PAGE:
Around the world, young people are emerging as trailblazers for social change. Youth activism has ranged from Malala Yousafzai’s fight for girls’ right to education to Greta Thunberg’s mobilisation of youth climate action, the Hong Kong youth protests in 2019 and even the TikTok movement which led to organisers of a Trump rally expecting far more attendees than actually appeared. However, there is a region in which youth activism seems to be largely absent: mainland China.
This state of affairs has piqued the interest of journalists, leading some to wonder whether Chinese youth will become increasingly involved in the global trend for activism in the aftermath of the coronavirus pandemic.
My recent research set out to explore civic engagement among Chinese students. Together with a colleague at a Chinese university, I interviewed Chinese students and found that they tended to avoid volunteering and activism in favour of membership of established groups – the Chinese Communist Party (CCP) and town-fellowship organisations that bring together students from the same place of origin.
One reason for this is a focus on academic and professional self-advancement, led by the Chinese government’s emphasis on meritocracy. Another is the culture of trust in Chinese society. This is characterised by unquestioned trust in the State and strong in-group trust among families – but distrust in communities, such as universities or activist groups.
What is university for?
One of our interviewees, Xiaofen Su, a 22-year-old undergraduate, is an active participant of a town fellowship organisation at her university. These groups are made up of members from the same geographical origin and are entirely self-organised by their members.
Xiaofen had organised festival celebrations, particularly for newcomers. She had also fundraised for a town fellow whose father was injured on a construction site and had no health insurance. She invited successful past town fellows to share job-hunting experiences and mobilised these guanxi – connections – to gain access to graduate school supervisors. Connections with supervisors would offer some advantages in the entrance exams and help to get a place at graduate school.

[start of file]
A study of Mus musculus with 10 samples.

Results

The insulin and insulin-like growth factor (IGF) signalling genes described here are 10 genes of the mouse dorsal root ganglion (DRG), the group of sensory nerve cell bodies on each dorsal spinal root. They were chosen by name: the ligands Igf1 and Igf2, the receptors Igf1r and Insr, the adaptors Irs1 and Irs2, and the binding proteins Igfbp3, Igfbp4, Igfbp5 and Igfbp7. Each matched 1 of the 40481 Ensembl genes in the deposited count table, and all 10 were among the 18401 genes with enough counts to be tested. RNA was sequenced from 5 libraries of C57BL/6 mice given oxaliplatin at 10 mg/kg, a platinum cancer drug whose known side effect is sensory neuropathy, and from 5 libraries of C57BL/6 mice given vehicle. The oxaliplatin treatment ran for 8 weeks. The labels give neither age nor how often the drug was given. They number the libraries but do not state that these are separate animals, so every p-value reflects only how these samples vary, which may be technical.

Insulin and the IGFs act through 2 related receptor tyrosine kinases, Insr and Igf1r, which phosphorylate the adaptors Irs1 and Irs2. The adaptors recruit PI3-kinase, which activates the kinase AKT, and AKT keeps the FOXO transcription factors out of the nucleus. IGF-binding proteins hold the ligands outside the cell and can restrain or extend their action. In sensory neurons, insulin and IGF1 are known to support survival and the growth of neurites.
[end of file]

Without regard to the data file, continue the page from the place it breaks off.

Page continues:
Our interviews with 68 university students found that they considered academic study, high achievement and job prospects to be the purpose of university.
Xiaofen’s membership of the town fellowship association facilitated academic progression and career success. Furthermore, this group’s identity, based on geographical origin, created family-like solidarity and trust between members. For Xiaofen, this was the most meaningful part of her membership in the organisation.
Lack of trust
Xiaofen’s strong in-group trust in her town fellows is in sharp contrast to distrust in her university and local communities. For instance, she was never involved in any charity organisations.
She told us about a sexual harassment case against a male professor brought by a whistleblower. But Xiaofen had been uninterested in signing a petition denouncing sexual harassment, because “the gun shoots the birds perching out” – a Chinese saying which describes the potential for a reprimand from outspoken activism.
Speaking out or challenging authority is seen as being costly. Some students worried about losing out in the competition to be nominated an outstanding graduate, or that they might not gain a graduate school opportunity.
Xiaofen’s lack of trust in how her university would respond to activism is also linked to widespread cultural attitudes. These are a result of deeply rooted distrust in local officials and the tightly controlled and censored media, which has targeted low-level officials as scapegoats for social problems and corruption.
In addition to town fellowship organisations, many students are members of the Chinese Communist Party. Xue Zhang, a 23-year-old postgraduate, offered us some insights into the popularity of CCP membership.
A Party member for three years, Xue swore by her absolute loyalty to the Party State. When speaking, she consistently switched between Wo and Guo Jia (“I” and “nation family”), a linguistic move demonstrating an affinity between a person and their country. She told us that, “An individual’s life chance is entirely dependent on a nation’s development.”
However, the unspoken motive of joining the CCP was to advance one’s own competitiveness in Party membership, which opens doors to graduate schools and leads to job opportunities. Xue had not socialised or bonded with her Party fellows. She expressed distrust in her “individualistic” Party fellows, considering them to be “competitors” rather than “comrades”. Her trust was in the Party State, not the members of her community.
The Chinese government’s focus on meritocracy has led millions of youth to become preoccupied with academic degrees, competitiveness and employability. This preoccupation has also prevented university youth from engaging in activities devoted to the public good.
Unquestioned loyalty to the State and strong in-group trust in town fellows firmly lock university students into closely knit bubbles. This leaves little space for civic engagement.
The participants’ identities and institutions were anonymised, and pseudonyms were used instead.